An investigation by The Associated Press into the death of the veteran Palestinian-American reporter for Al Jazeera, Shireen Abu Aqla, shows the bullet that cut her down came from an Israeli gun.

Iran PressMiddle East: Almost two weeks after the death of the veteran Palestinian-American reporter for Al Jazeera, a reconstruction by The Associated Press lends support to assertions from both Palestinian authorities and Abu Akleh’s colleagues that the bullet that cut her down came from an Israeli gun.

Multiple videos and photos taken on the morning of May 11 show an Israeli convoy parked just up a narrow road from Abu Akleh, with a clear line of sight. They show the reporters and other bystanders in real time taking cover from bullets fired from the direction of the convoy.

The only confirmed presence of Palestinian resistance was on the other side of the convoy, some 300 meters (yards) away, mostly separated from Abu Akleh by buildings and walls. The Israeli regime claims at least one resistance fighter was between the convoy and the journalists, but it has not provided any evidence or indicated the shooter’s location. Palestinian witnesses say there were no Palestinian fighters in the area and no gunfire until the barrage that struck Abu Akleh and wounded another reporter.

Those witnesses say they have no doubt that it was Israeli soldiers who killed Abu Akleh, now celebrated as a martyr to both journalism and the Palestinian cause. The Israeli military says she was killed in a complex shootout between soldiers and resistance fighters, and that only a full investigation — including forensic analysis of the bullet — could prove who fired the fatal shot.

The Palestinians have refused to hand over the bullet or cooperate with Israel in any way on the investigation, but say they will share the results of their own probe with any other party.

AP reporters visited the location where Abu Akleh was killed on the edge of the Jenin refugee camp in the northern West Bank, as well as the scene of a nearby battle with the Israeli regime's forces captured on a video shared by the regime.

Interviews with five Palestinian eyewitnesses corroborate an analysis by the Dutch-based Bellingcat research group indicating Israeli forces were closer to Abu Akleh and had a better line of sight. The group, which specializes in geolocating events in war zones by analyzing photos and video shared online, pinpointed the location of the convoy just up a narrow road from where Abu Akleh was killed.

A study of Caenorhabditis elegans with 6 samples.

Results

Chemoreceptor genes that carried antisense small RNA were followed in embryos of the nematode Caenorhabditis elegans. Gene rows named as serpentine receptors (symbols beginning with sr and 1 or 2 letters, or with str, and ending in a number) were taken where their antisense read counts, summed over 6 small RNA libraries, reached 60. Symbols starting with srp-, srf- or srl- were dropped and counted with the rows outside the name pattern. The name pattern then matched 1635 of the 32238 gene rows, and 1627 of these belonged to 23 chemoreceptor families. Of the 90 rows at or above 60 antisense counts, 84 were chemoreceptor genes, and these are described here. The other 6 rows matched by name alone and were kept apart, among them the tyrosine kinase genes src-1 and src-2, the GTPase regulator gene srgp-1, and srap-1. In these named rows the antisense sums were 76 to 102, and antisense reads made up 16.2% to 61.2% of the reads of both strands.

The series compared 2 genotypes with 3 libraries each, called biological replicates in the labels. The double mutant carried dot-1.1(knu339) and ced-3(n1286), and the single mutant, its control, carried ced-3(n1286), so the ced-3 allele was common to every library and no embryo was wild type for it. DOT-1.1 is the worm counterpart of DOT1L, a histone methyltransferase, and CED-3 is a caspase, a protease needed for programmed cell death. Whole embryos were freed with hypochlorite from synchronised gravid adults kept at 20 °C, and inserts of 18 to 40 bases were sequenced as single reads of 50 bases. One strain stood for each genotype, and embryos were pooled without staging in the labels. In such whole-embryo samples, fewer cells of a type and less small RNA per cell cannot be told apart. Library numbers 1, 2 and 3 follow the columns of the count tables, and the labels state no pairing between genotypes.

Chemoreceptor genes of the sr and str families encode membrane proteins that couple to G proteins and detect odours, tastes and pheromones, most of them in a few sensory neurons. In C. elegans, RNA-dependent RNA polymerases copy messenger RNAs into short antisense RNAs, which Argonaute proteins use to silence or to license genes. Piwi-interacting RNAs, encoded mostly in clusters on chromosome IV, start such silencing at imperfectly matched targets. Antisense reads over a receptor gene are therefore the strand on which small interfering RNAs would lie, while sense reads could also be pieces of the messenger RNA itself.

Reporters who were with Abu Akleh say that when they arrived at the scene it was quiet, with no clashes or resistance fighters in the immediate area. Ali Samoudi, an Al Jazeera producer from Jenin, said he called people inside the camp to get an idea of what was happening.

Then they proceeded to a long, narrow road sloping up from an open area to a cluster of concrete buildings where an Israeli army convoy was parked some 200 meters away. Each reporter was wearing a helmet and a blue vest labeled “PRESS” in large lettering.

“We stepped out into the open so they could see us,” Samoudi told the AP. “They didn’t indicate that we should leave, so we went slowly, walking forward about 20 meters.”

Shatha Hanaysheh, a local photographer, said they remained there for 5 to 10 minutes, talking and even laughing in full view of the soldiers. A video that appears to capture the first shots supports her account.

Samoudi said the soldiers fired a warning shot, causing him to duck and run backwards. The second shot hit him in the back. Abu Akleh was shot in the head and appears to have died instantly, Hanaysheh sheltered on the other side of a tree next to a wall. Tree bark on the side facing the army appears to have been chipped away by gunfire or shrapnel.

Two days after Abu Akleh was killed, the Israeli regime's forces returned to Jenin to carry out another raid. 

Hanaysheh said even more journalists than usual came out to cover it — and that she was among them.

“Any journalist anywhere knows that they can be killed, but if we don’t do this work then no one else will,” she said. “We know the occupation doesn’t want what happens here to get out.”